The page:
Current United States Weather Fronts and Pressure
|Current | 12 Hr Forecast | 24 Hr Forecast | 36 Hr Forecast | 48 Hr Forecast|
Understanding the Map Symbols
The symbols to the right are used to represent different types of weather conditions that affect the United States.
A cold front represents a boundary between cold air and warm air. The blue arrows denote the direction the cold front is moving, typically from west to east. Most cold fronts will have a noticiable change in temperature following the front's passage, although not always. Dewpoints will typically drop as well following the front's passage.
The opposite of a cold front. In this case, warmer, more humid air is overtaking colder air. The red circles face in the direction of the front's movement, which is typically from southwest to northeast.
A stationary front is a boundary between cold air and warm air that is not moving. The blue triangles point in the direction of the warmer air, while the red semicircles point in the direction of the colder air. Once the front begins to move, it will become a warm front or a cold front. There is typically heavy precipitation along the line representing a stationary front.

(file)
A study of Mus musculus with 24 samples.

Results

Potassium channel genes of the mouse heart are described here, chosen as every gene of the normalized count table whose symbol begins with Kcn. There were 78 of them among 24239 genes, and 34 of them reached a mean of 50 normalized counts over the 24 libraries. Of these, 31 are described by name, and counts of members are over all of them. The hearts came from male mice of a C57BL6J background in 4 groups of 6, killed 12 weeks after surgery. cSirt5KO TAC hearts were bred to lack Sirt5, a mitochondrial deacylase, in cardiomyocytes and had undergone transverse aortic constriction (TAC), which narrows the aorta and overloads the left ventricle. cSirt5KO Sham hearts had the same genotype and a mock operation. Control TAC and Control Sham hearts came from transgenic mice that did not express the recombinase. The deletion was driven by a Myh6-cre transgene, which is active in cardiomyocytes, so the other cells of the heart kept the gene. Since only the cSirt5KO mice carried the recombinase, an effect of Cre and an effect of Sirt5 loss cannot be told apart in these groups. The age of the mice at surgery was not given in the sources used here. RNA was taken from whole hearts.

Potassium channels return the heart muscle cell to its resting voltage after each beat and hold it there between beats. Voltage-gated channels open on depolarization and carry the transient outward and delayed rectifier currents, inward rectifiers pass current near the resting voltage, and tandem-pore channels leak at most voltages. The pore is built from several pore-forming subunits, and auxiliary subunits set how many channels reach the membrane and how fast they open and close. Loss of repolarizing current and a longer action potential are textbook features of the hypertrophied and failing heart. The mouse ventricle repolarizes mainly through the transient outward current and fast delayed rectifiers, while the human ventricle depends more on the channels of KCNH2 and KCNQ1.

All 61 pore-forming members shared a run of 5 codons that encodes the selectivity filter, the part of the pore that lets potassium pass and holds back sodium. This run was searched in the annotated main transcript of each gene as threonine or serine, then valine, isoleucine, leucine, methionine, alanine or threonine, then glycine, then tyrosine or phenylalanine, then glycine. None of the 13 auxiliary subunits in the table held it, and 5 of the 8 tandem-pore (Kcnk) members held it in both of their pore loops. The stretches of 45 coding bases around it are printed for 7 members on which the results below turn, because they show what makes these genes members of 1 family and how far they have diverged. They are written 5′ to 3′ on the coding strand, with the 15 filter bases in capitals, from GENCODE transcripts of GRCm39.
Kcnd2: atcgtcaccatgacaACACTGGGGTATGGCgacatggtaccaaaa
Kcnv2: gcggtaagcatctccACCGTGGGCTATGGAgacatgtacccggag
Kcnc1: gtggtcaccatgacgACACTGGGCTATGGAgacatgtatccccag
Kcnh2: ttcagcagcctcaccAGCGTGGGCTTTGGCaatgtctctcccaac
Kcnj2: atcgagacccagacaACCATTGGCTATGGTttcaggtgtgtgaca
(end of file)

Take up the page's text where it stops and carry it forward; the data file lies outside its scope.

When a cold front overtakes a warm front, the point where the two meet becomes an occluded front. This typically occurs near a low pressure system, Normally, a low, or cyclone, has a warm front stretching east and moving north, and a cold front stretching south and moving northeast. An occluded front is represented with purple alternating semicircles and triangles pointing in the direction of movement of the front.
A trough (sometimes called a trof) is a line of low pressure in the atmosphere. While troughs can exist in both the upper atmosphere and the lower atmosphere, the troughs on this map, which are represented by dotted black lines, are in the lower atmosphere. Troughs are often associated with short waves, which can cause thunderstorms, depending on atmospheric conditions.